Veggies Grown in Fake Martian Soil Are Deemed Safe to Eat

June 28, 2016 | Erica Tennenhouse

Peas being grown in Mars-like soil.
Photo credit: Wieger Wamelink, Wageningen University and Research Centre. Caption: Peas being grown in Mars-like soil.

Get in line for a taste!

Dutch researchers have successfully grown radishes, peas, rye and tomatoes in simulated soils designed to match those found on Mars and the moon.

One concern about farming on the Red Planet and the moon has been the presence of heavy metals like lead, cadmium, and copper in their soils. If these metals are absorbed by certain parts of the crops, they can become inedible for humans.

But testing revealed that the heavy metal contents of the four crops were well below concentrations that would be dangerous for human health. In fact, the levels of some heavy metals (lead, arsenic, and copper) were even lower than those of crops grown in Earth potting soil.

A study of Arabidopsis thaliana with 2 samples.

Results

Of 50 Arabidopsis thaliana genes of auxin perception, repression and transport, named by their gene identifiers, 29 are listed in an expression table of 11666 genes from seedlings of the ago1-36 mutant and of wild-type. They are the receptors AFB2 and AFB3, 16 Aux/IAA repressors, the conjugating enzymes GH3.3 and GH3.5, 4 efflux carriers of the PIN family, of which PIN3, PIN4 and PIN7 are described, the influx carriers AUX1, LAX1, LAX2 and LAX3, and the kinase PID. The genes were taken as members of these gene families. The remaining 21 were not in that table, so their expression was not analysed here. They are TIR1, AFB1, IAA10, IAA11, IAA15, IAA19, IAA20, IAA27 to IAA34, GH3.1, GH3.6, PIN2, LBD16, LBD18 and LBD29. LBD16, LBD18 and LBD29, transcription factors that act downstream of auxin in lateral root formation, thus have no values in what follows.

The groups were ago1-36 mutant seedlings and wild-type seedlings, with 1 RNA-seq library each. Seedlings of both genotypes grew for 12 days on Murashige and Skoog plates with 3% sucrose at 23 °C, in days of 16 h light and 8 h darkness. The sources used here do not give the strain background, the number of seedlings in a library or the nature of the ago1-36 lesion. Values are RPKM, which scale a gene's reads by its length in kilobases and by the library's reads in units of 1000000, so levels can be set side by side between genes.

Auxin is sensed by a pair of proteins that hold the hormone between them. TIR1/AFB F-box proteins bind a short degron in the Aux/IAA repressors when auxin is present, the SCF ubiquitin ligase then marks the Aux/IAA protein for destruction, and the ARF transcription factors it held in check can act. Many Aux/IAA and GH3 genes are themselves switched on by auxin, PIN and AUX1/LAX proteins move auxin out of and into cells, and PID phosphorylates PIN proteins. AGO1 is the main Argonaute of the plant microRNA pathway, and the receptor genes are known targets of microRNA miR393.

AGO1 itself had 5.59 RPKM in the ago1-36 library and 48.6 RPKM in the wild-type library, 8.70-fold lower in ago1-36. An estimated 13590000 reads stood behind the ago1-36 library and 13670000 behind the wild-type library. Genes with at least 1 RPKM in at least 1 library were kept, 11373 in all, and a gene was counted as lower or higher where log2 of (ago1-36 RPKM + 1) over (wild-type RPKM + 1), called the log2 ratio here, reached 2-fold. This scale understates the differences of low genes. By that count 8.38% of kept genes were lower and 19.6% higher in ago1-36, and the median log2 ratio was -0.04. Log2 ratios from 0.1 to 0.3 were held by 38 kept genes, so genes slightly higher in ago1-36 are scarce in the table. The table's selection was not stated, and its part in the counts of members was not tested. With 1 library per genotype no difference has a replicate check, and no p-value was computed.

Further tests are needed for 6 remaining crops, including potatoes, which the researchers hope to carry out with support from a crowdfunding campaign. Once they have determined that all 10 crops are safe to eat, they plan to organize a meal for their sponsors featuring their faux-Martian veggies.

Though the results bode well for the agricultural success of future Mars settlers, the soil used in the experiments was mixed based on compositions estimates of real Martian soil from NASA. It remains to be seen whether the results will stand up to crops grown in soil from the planet itself.